Obama transition officials are acutely aware that the world -- and especially the Israelis and Palestinians -- will be watching to see what tone the new president takes. Sources said the initial emphasis will likely be on stepped-up presidential engagement rather than the specifics of a U.S. role, and empathy and aid toward humanitarian suffering.
The first concrete evidence of a new foreign policy approach will begin with the meeting tomorrow. Obama will instruct the Pentagon to prepare for a stepped-up withdrawal of combat troops from Iraq, to be completed within 16 months, and will hear proposals for turning around the deteriorating war in Afghanistan. Defense Secretary Robert M. Gates and the chairman of the Joint Chiefs of Staff, Adm. Michael Mullen, will attend, and Gen. David H. Petraeus, head of Central Command, and Gen. Raymond Odierno, U.S. commander in Iraq, will weigh in via live video connection.
Senior officers began late last year to prepare options for withdrawing from Iraq. Obama has said he will listen carefully to their recommendations before approving a plan that meets his specifications. He has said he expects to maintain a "residual force" in Iraq but has not indicated how many troops will remain over what period.
He has also indicated he will move ahead with existing plans for deployment of as many as 30,000 additional U.S. troops to Afghanistan this year.
After returning to the White House following his swearing-in today, Obama is expected to visit the Oval Office, aides said.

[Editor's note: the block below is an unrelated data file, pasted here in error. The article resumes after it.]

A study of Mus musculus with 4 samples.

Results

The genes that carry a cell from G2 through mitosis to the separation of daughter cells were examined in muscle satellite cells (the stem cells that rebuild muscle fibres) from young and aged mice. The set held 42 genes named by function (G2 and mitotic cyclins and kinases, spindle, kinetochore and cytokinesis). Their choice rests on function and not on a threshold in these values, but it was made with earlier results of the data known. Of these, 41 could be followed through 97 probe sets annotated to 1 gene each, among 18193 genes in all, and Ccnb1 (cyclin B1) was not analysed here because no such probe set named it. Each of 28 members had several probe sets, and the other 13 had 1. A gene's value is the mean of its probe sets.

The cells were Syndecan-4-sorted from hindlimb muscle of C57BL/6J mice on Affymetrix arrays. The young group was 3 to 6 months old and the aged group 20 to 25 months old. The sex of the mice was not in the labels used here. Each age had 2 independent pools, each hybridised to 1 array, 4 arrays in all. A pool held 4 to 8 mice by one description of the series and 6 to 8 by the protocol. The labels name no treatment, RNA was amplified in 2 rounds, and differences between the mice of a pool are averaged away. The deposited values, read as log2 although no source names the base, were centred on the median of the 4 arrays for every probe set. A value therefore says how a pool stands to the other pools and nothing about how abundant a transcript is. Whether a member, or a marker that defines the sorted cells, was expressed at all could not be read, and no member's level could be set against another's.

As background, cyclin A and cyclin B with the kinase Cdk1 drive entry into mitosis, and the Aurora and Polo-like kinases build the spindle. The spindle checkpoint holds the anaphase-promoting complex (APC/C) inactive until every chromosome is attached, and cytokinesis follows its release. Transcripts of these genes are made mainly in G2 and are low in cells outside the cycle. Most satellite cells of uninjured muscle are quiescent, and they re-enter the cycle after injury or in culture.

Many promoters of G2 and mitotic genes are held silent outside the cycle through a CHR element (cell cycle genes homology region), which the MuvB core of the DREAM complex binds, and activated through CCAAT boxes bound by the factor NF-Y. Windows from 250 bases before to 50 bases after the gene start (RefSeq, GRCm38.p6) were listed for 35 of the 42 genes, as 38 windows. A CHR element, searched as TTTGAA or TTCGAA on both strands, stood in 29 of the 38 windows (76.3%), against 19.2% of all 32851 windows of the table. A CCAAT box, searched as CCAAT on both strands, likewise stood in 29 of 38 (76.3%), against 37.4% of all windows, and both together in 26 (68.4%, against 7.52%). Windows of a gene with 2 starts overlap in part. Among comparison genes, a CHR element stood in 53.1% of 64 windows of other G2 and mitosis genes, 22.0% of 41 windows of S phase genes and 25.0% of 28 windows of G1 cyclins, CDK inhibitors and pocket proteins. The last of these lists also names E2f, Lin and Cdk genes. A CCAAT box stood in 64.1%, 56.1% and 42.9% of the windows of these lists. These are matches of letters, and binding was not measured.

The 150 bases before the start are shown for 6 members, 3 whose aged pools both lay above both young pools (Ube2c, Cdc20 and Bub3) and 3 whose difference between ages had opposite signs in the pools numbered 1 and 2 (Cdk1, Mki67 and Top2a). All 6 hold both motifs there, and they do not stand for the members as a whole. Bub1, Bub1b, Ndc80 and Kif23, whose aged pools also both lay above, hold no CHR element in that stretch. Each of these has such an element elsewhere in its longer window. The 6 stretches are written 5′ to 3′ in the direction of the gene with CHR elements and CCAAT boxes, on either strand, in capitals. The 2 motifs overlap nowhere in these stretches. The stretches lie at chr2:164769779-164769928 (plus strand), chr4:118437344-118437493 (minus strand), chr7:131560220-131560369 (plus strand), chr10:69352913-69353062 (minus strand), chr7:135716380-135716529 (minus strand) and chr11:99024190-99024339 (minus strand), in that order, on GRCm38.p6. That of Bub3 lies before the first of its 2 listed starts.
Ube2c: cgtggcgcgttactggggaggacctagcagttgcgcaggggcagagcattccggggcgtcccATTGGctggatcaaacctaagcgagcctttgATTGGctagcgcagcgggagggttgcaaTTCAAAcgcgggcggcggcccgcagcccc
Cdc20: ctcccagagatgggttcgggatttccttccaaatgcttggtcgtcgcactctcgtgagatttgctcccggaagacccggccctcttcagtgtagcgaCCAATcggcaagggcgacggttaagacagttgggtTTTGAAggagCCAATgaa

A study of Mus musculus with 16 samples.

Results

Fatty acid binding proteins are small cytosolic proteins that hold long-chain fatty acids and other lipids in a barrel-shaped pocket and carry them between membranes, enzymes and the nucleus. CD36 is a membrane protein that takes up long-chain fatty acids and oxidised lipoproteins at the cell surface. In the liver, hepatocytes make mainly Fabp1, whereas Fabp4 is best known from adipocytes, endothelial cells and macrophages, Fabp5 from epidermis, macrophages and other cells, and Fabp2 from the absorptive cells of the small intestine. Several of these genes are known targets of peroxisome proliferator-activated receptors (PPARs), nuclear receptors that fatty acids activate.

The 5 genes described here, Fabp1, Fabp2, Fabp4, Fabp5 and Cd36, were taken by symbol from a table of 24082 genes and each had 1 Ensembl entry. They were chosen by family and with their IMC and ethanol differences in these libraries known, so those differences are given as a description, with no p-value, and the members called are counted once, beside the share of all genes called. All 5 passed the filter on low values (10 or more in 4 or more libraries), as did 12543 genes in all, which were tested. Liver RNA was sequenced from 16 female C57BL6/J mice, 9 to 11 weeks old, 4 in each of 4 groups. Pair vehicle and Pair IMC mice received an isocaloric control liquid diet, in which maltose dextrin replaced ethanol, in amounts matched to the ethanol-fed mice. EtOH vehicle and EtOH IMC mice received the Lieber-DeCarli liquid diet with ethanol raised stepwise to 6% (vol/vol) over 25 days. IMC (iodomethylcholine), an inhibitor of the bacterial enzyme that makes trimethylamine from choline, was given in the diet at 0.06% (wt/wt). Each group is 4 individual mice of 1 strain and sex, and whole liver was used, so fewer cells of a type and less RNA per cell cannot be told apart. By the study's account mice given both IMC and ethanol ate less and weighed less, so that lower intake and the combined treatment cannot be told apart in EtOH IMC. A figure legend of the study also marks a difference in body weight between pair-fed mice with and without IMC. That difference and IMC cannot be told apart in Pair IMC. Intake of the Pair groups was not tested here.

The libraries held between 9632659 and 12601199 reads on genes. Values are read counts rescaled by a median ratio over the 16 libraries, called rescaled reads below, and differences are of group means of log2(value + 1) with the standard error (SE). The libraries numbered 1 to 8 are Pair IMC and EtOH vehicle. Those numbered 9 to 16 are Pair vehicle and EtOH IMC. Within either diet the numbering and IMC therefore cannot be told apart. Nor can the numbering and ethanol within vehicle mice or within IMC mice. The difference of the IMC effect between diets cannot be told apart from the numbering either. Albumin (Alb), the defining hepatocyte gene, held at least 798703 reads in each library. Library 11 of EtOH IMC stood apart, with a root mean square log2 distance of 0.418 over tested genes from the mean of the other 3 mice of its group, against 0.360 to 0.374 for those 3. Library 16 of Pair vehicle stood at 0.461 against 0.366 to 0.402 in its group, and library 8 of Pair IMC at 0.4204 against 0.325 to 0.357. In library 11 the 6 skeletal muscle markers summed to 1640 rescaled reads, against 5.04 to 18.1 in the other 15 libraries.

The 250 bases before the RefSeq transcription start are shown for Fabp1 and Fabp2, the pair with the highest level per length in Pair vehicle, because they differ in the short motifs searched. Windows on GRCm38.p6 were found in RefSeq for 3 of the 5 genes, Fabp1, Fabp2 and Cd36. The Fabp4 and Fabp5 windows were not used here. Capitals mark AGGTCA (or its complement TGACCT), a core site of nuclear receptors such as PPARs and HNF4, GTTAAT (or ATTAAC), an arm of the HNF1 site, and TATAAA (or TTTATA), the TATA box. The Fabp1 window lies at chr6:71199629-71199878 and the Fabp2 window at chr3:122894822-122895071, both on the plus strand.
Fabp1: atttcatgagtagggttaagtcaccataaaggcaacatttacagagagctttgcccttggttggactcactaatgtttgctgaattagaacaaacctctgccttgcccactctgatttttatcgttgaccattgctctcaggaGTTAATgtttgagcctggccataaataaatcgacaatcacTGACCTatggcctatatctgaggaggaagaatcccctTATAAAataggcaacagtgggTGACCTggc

A handful of senior staff members will ride in Obama's motorcade to the White House today and enter their offices for the first time as they brace to confront the economy, the Middle East, overseas wars and a raft of domestic policy controversies.
Aides said only about 15 White House staffers were pre-screened to enter the West Wing today. The rest will arrive tomorrow morning, after partying at inaugural balls.
Gates will not attend inaugural festivities, having been designated to stay away from the president and other national leaders in case of a catastrophic event.
Mitchell, who led a Middle East peace commission in 2000, is highly regarded as a negotiator for his work in the successful Northern Ireland peace process. An Obama adviser said the exact timing of Mitchell's appointment will depend on Clinton's confirmation vote, which is scheduled to take place by "unanimous consent" and so cannot be stopped by filibuster.
But a Republican senator could demand a voice vote, thus delaying Clinton's confirmation by another day. "If any Republican holds her over, they are stalling the entire administration from hitting this problem," the adviser said.
The Guantanamo order is being crafted by Obama White House Counsel Gregory B. Craig. Its timing is expected to preempt a Guantanamo trial scheduled to begin Monday under the current "military commission" proceedings.
Staff writer Anne E. Kornblut contributed to this report.